DHS talk of their new EINSTEN 3 Accelerated security system, privacy concerns are now raised.

@anthony256
Published Fri, Apr 26 2013 4:30 AM CDT   |   Updated Tue, Nov 3 2020 12:23 PM CST

Cyberthreats are the new way of slowly removing citizens' privacy, and now the Department of Homeland Security (DHS) is preparing to deploy a very powerful new version of their EINSTEIN intrusion-detection system that is built to detect attacks and malware, especially when it comes to e-mail.

DHS' new intrusion detection and prevention system raises security concerns | TweakTown.com

But because this new version of EINSTEIN is able to read electronic content, it is raising privacy concerns. DHS has recognized this, and have just issued a "privacy impact assessment" on what they're calling EINSTEIN 3 Accelerated, the intrusion detection and prevention system that is expected to be made available as a managed security service from ISPs to monitor the ".gov" traffic to and from civilian agencies and Executive Branch departments.

The DHS has said that EINSTEIN 3 might be able to collect "personally identifiable information" (PII) in some instances where this network security system will not just monitor but also prevent threats by clocking traffic in order to detect a cyberthreat or potential cyberthreat.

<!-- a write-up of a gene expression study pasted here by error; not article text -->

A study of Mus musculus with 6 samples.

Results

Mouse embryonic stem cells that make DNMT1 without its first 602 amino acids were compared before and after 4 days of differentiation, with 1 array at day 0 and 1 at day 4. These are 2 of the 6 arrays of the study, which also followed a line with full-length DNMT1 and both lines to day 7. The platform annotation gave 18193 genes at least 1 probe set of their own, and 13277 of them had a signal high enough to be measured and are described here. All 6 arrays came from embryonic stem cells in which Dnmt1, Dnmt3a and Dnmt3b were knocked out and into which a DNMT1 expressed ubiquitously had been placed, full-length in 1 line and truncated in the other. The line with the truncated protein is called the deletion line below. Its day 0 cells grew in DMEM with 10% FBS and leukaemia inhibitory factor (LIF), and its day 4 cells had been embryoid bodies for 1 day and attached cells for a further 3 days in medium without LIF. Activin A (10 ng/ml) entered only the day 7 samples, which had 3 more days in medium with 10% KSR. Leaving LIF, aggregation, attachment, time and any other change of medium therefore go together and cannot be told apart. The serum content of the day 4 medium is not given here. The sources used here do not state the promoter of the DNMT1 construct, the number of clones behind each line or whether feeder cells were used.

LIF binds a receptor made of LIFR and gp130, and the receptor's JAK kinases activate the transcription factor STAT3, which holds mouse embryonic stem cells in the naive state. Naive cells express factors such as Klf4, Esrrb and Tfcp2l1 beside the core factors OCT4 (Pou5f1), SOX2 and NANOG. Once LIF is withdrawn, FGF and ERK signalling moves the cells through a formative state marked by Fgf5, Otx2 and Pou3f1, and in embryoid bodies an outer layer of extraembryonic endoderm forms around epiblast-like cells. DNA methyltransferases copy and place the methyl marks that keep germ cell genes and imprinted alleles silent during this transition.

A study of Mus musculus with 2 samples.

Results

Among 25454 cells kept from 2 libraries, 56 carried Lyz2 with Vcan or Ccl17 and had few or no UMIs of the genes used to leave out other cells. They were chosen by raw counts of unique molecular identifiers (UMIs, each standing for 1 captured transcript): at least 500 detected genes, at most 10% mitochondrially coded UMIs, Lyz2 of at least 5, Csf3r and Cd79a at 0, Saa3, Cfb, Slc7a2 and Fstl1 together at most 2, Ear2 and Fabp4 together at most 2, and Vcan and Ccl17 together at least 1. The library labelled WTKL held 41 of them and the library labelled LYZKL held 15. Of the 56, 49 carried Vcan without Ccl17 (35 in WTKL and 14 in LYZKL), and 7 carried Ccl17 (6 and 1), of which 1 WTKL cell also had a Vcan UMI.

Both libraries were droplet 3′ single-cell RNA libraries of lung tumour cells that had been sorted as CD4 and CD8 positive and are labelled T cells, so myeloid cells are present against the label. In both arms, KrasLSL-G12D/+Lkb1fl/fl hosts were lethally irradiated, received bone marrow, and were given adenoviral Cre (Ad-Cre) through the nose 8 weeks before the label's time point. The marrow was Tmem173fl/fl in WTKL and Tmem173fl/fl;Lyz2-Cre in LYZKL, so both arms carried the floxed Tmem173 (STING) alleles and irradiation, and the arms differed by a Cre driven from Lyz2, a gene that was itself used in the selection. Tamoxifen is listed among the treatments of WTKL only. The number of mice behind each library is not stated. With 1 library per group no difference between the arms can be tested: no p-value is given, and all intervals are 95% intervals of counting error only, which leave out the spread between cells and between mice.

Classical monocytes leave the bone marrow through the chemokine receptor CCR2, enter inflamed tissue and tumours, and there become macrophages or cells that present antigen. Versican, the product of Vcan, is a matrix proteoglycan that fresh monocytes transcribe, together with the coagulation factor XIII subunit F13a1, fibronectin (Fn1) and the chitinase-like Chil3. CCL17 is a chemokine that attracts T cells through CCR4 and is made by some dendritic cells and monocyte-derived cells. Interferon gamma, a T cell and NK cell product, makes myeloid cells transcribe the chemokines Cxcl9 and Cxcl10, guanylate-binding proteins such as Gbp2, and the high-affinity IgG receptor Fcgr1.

EINSTEIN 3 will include packet-inspection tools that "allow an analyst to look at the content of the threat data, which enables a more comprehensive analysis. Packet capture may contain information that could be considered PII-like malicious data from or associated with email messages or attachments".

In their privacy-impact statement, the DHS acknowledges EINSTEIN 3's threat-prevention capabilities, stating that it "may include deep-packet inspection by ISPs. DHS will approve indicators to be transferred to ISPs for deployment in E3A to ensure that indicators are specific to a particular type of traffic and are not overly broad in their data collection requirements".

The story is quite long, and we definitely suggest taking a look at it, at Network World.

NEWS SOURCE:networkworld.com

Anthony is a long time PC enthusiast with a passion of hate for games built around consoles. FPS gaming since the pre-Quake days, where you were insulted if you used a mouse to aim, he has been addicted to gaming and hardware ever since. Working in IT retail for 10 years gave him great experience with custom-built PCs. His addiction to GPU tech is unwavering.